Race Harish

Lovers in Pompeii

at the end of the world, no one
comes to collect the bodies. no
one has time for last rites. 
the ground is strewn
with undug graves
marked with splintered
bone 
cricket legs 
old report cards 
wedding rings 
divorce papers 
and breadcrumbs. 


i walk, half-carrion and half-celestine, 
body rent asunder by some dreadful metamorphosis. 

the trail ends at your
feet, which point
north. overgrown
with moss and
littered with rabbit
fur, the cavities in
your skin— fodder
for the roaches, the
knots in your hair—
nests for the vultures. 

you take momentary
repose in this patch of
idle land, a fallen angel
at the end of the world.
like me, something
divine amidst the decay. 

once, you would sit in your dad’s corolla,
blue-light phone glow dancing on your face, revealing 

lips— blissfully bare. 

once, i gave you my lip gloss and told you 
“simulate the feeling.” 
you told me not to insult you. 

once, i was the ghost that haunted your rear-view mirror. 
careful, objects reflected are closer than they appear and 
to languish unkissed in a world like this is a fate i would never want for you. 

so i lay down in the fallow beside you / and i take your hand / and the jackal sings an elegy / and our hearts pulse in time / and there is no more time for mourning / and our fingers lay root in the ground / and sweat pools between our thighs / and it soils the earth / and it waters the weeds / and i weep / and you weep / and this barren world weeps / and the sun is withering / and the sky is weary / and the buzzards pick us clean / and we are free of sin and sorrow both / and i close my eyes / and you close your eyes / and i am back home / and i am in the woods / and i am riding shotgun in your beat up corolla / and i am drinking the pain from your war-torn lips / and i am more cowardly than before / and i am braver than i was / and there is no glass separating us now / and i am numb to it all / and the maggots have their way / and the ash begins to fall / and like lovers in pompeii 

                          we

                                                                           are

                                                                                          reborn.

Disillusionment of a Girl

DISCLAIMER: 

A girl’s heart is pisspoor and ungrateful. It is the most terrible of wanderers and beggars. It needs what it cannot afford. It is hungry and unclean. A sweet butterfly bashes itself against his bone prison in the cavity of a girl’s chest. He falls through the cracks and into her stomach. He whimpers, lily-green wings made lovelier with rips and tears and delicate blood. Lacerations in gossamer bleed prettily like gums under a dentist’s probe. And like bleeding gums, the wounds bare teeth. Everything a girl loves grows teeth eventually.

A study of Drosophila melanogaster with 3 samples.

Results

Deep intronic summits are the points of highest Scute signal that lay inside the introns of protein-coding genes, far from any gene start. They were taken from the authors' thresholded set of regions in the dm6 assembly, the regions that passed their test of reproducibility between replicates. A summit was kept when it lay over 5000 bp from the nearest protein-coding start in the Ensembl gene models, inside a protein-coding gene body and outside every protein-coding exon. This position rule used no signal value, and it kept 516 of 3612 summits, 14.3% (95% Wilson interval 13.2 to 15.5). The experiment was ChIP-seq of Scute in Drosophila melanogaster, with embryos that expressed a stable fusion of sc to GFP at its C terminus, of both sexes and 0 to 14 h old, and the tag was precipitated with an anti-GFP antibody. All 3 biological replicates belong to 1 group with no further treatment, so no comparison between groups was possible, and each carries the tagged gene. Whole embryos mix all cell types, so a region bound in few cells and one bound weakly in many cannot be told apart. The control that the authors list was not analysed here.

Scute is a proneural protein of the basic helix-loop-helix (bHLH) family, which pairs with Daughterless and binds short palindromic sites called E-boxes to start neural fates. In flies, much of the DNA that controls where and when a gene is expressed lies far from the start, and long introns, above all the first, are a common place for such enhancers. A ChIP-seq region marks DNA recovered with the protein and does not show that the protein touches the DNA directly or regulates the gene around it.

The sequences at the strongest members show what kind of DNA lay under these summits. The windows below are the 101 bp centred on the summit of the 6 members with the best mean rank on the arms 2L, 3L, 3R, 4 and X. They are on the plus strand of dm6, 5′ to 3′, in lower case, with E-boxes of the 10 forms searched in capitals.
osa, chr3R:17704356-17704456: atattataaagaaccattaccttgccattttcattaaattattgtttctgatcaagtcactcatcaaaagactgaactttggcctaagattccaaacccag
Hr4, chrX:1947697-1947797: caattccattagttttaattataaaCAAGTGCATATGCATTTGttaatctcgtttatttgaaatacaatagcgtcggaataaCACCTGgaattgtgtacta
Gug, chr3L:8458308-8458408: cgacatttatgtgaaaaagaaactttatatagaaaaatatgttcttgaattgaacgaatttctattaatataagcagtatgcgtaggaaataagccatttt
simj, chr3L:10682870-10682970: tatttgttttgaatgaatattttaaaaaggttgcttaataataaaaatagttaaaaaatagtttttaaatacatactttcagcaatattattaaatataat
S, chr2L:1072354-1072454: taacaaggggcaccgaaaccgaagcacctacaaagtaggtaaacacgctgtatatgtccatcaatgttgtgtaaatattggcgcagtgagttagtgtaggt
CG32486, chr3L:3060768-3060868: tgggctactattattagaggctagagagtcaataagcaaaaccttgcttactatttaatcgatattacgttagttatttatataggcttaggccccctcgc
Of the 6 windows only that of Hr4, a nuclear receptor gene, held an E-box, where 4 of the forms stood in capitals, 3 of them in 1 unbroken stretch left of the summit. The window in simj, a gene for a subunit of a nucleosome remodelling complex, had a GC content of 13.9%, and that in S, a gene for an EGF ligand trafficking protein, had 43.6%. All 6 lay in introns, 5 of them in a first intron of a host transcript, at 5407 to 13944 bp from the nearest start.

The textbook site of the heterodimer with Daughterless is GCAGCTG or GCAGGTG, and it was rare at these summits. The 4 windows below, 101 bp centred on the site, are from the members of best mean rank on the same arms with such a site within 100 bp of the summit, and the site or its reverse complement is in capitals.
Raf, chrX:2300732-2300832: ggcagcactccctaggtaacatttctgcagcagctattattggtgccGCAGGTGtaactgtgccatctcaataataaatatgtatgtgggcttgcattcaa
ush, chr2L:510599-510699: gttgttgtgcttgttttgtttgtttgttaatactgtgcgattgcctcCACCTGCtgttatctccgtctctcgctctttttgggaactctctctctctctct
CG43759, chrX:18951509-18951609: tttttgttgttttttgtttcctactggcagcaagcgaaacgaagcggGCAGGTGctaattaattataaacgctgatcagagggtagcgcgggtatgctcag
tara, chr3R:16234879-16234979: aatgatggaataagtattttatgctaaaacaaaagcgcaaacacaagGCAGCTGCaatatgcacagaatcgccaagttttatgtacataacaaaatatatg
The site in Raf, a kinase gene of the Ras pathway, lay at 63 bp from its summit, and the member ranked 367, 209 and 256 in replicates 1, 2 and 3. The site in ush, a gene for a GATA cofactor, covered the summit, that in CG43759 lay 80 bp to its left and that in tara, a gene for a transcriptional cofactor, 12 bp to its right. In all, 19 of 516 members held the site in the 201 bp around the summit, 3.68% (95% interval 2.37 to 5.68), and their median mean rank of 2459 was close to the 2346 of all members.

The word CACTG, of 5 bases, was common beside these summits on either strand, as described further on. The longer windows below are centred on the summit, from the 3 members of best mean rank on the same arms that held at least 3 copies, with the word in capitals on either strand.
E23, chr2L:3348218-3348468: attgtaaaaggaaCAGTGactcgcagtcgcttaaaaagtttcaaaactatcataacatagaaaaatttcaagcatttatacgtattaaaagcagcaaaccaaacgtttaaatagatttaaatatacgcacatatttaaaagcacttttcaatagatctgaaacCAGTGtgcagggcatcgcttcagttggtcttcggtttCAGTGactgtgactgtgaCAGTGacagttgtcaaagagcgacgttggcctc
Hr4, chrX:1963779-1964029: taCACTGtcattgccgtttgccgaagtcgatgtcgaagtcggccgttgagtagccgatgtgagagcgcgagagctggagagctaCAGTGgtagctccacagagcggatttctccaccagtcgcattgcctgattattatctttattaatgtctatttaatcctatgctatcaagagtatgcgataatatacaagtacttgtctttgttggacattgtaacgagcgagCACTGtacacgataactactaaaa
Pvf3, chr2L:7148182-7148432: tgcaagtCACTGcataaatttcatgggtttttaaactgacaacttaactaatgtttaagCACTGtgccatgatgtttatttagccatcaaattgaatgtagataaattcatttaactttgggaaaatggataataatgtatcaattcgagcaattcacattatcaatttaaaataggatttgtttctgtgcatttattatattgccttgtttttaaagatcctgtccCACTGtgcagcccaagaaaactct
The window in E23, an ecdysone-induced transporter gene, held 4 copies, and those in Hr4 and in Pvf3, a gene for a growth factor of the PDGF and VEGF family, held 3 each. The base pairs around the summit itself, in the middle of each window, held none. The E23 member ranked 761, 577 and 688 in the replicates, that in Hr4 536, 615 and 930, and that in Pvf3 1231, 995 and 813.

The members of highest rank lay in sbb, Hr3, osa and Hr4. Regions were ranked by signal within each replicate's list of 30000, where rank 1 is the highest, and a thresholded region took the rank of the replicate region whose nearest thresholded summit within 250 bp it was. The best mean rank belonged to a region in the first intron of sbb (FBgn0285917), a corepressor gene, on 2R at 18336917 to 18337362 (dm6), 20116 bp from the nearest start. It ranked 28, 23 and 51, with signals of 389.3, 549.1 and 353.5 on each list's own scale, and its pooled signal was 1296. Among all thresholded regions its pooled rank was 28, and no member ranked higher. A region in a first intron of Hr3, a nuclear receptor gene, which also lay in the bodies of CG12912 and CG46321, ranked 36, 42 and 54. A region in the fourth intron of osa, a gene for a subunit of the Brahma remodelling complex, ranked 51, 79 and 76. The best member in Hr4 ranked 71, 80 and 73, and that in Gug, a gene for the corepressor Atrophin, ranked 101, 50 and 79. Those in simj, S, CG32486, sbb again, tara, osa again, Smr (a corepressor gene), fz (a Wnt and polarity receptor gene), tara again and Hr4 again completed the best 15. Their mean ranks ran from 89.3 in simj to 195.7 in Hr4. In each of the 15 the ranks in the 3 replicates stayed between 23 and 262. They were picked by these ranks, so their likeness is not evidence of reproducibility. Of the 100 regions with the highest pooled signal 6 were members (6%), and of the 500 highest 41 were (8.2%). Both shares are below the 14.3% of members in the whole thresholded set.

Tangerines are like anesthesia for a girl’s disillusionment. Temporary stoppers to the crack-crack-cracking of her heart every time she crosses the street. So she pops them like she does her Adderall, and the juice drip-drip-drips from her broken lips into the cut under her chin. It settles there, searing, and it makes her feel kickass for a grand total of two seconds. 

A girl constructs intricate rituals to numb her disillusionment. She draws stars on the shins she refuses to shave. They look like puddles in a forest at night. She holds her breath when she passes graveyards. She sits alone in her elementary school playground. She watches the world turn from the top of the green slide. 

She makes up a dramatic love affair with Isabella, the princess of Beech Street. A girl is helplessly medieval in such engagements. She yearns for the blade, for chain mail and for padding, for martyrdom and for tokens of favor from a lady not yet betrothed. Chivalry lives on in a girl. 

After all, what is a girl but a love song to her friends? 

Some girls play god, others work at devotion. Isabella is a study in carefully practiced divinity. The curve of her arched brow and the swell of her burnt umber gaze are the result of rehearsed omnipresence. When her legs dangle off the porch swing, all a girl can do is kneel and swear fealty and kiss her pearl ankles. False idols like Isabella are how a girl self-medicates. 

A girl’s altar is Isabella’s bedroom floor. She lies back, hands clutching her stomach, ribs sore and heart burning from laughter. Isabella lies beside her, head tucked into the crook of her neck. There are paint stains on their cheeks and flour dust on their jeans. The carpet scratches the skin where their shirts ride up. They cling to one other, pinkies interlocking, the rug burn making the spaces where their skin meets all the sweeter. Isabella’s pink acrylics dig into her skin and the dents they leave remind a girl that they are both flesh-and-bone-things, and not stars. 

A girl’s first love is rife with plausible deniability.

When someone like Isabella is brushing her hair, a girl can almost forgive her father. When someone like Isabella is smiling that mean smile, a girl can almost ignore the vultures that have circled her since she first learned self-awareness. When someone like Isabella exists, it almost doesn’t matter that the street opens its concrete mouth to swallow her every time she tries to cross. 

Almost.

About the Author: Race Harish is a sixteen year old and a junior from Central New Jersey. They draw inspiration from their own tangled relationship to girlhood and womanhood, their Indian roots, and the ugly anguish of teenage desire. Their work has appeared in the Writer's Circle Journal at writerscircleworkshops.com, as well as in several local magazines, and is either published or forthcoming in The Cloudscent Journal.